Monday, September 27, 2010

Library Outsourcing

So - the lovely Anna asked me what I thought about the whole outsourcing libraries thing that's all a kerfuffle right now and I ended up ranting and I feel like rambling in my blog now. Does anybody mind? I hope not. Here's what I said to her:

As Maureen Johnson said, how will outsourcers deal with book banning requests? I worry that outsourcing will have people worrying more about the bottom line and the library's image instead of the greater good. Sanitized libraries. We do so many programs that don't necessarily raise our circs (which would probably be the bottom line for a library?) but benefit the community.

having a preschool fair in a week or so - We've invited local preschools to come and set up booths in our huge room over on 95th street to educate the locals about what their options are. Does this help the library? Not really, but it helps our patrons. Why would a for profit company have a fair that tells parents, basically, instead of bringing your kids to storytime every day why not send them to preschool? That's not what we're doing, obvs, but I could see some corporate muckity muck thinking that way.

Also - collection development. I weed my collection fairy regularly. My goal is that each collection will have an average of 12 circs per item per year. Some books (Harry Potter, Percy Jackson, etc.) will always have holds on them and thus will have 20 or more circs per year. Those books make it possible for me to keep books in the collection that only circ 4 or 5 times per year - and even some pet books that circ maybe once per year. But they're good books! And a kid is going to benefit from those books! So I will keep them until they fall apart - and maybe not reorder them, but not necessarily get rid of them, ya know?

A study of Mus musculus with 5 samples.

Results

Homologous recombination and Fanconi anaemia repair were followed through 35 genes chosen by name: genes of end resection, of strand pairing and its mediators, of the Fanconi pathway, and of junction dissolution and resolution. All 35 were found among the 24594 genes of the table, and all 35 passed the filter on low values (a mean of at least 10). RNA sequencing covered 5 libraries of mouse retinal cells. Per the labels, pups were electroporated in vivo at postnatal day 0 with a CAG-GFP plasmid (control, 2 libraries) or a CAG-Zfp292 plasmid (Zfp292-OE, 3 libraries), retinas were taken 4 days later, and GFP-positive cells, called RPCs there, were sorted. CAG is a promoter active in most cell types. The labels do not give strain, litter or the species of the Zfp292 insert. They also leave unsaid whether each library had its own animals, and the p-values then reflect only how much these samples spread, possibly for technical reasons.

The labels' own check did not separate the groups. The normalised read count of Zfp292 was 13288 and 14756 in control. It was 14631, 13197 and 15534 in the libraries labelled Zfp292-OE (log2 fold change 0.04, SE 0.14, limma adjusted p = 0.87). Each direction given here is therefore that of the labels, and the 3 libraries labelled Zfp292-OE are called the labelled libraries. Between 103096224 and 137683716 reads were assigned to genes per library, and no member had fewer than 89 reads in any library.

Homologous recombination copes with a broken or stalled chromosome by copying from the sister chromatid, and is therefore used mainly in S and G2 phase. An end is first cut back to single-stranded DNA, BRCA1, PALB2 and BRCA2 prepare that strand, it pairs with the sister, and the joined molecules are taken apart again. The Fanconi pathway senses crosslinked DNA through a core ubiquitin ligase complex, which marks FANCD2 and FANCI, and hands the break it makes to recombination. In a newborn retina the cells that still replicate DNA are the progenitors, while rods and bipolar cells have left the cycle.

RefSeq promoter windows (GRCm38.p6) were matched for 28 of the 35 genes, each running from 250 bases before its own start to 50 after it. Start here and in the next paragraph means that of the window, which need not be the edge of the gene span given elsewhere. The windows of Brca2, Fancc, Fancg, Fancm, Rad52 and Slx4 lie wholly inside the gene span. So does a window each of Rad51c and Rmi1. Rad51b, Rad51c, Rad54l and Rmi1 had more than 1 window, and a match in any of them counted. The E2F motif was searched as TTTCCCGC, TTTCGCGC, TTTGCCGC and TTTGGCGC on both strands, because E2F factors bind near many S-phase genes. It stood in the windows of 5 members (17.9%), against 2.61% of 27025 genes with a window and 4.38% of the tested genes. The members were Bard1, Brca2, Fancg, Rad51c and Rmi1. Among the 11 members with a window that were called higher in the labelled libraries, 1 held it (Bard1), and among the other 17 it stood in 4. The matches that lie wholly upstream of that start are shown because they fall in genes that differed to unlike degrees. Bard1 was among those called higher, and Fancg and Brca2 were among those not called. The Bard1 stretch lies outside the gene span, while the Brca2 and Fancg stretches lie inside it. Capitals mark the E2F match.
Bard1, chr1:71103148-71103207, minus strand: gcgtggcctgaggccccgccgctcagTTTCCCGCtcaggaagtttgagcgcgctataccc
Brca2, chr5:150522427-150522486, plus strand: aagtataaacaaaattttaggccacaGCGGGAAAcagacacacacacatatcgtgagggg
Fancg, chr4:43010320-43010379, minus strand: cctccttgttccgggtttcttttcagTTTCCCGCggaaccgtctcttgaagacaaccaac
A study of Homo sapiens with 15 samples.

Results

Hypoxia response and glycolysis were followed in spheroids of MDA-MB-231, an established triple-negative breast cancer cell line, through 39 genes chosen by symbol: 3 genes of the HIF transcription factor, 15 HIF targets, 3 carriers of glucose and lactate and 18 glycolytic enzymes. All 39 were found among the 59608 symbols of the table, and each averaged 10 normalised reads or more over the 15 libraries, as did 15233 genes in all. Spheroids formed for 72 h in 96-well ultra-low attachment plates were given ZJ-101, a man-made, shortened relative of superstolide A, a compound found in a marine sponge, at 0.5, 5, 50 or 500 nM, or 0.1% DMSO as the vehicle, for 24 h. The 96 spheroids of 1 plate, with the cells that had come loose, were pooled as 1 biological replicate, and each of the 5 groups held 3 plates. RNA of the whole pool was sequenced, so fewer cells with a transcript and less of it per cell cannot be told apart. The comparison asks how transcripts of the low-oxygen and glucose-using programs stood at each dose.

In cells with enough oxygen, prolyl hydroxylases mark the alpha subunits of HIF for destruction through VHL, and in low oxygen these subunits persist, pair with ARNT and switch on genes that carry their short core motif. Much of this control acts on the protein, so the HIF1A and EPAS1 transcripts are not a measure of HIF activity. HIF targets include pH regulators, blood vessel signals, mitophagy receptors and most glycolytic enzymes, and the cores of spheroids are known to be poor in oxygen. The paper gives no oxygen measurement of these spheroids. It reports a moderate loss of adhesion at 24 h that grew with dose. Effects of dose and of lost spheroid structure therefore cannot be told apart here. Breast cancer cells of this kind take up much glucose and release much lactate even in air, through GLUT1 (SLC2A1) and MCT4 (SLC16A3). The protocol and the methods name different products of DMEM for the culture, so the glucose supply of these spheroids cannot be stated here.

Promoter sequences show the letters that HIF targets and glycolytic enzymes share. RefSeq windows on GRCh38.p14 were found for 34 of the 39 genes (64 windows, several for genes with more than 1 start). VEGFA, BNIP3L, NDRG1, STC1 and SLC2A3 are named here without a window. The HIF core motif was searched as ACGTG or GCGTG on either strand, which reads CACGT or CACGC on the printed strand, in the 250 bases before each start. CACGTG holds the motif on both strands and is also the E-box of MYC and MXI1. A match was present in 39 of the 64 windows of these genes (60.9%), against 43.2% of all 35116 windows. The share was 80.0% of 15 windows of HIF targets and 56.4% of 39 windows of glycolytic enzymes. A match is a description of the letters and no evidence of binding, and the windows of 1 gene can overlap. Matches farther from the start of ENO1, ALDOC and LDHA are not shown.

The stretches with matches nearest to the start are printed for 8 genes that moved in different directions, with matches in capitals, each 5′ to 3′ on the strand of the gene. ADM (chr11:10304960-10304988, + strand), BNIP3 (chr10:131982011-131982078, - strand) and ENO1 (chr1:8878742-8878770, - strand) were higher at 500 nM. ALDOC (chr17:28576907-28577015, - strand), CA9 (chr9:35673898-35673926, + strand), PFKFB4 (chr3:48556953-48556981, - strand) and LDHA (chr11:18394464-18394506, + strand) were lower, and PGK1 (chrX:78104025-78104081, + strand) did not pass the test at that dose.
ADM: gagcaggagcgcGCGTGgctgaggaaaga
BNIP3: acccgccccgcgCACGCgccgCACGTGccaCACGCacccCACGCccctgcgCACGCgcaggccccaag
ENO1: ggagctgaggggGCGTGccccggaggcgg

I can see a for-profit library looking at, say, El Lector and say, "This book rarely circs. Why is it in the collection? GET RID OF IT!" But I think it has value. I think some kid is going to need that book. So I'm going to let it circ until it falls apart.

And that's what I think about library outsourcing.

1 comment:

anna said...

I really think it depends on how the system defines "productive" and "work." If they consider libraries to be merely book vendors, then the worries you have are definitely valid. On the other hand, if they recognize the other roles libraries can fill, perhaps the fact that they're encouraging librarians to do more--more than staff circ desks, is where I'm holding my hope--might not necessarily be negative. Focusing on programming and the things that require our skills means that we get to maintain the idea of librarianship being a profession and not just a job, which we want.

I like to be hopeful, and what I've read about it gives the impression that after a while with the new system, users and staff are less aggravated, which could either mean that they're hiring people who don't have higher ambitions, or they're not violating the ideals of those people. I hope for the latter.

And my captcha for this comment is "doc who." Really.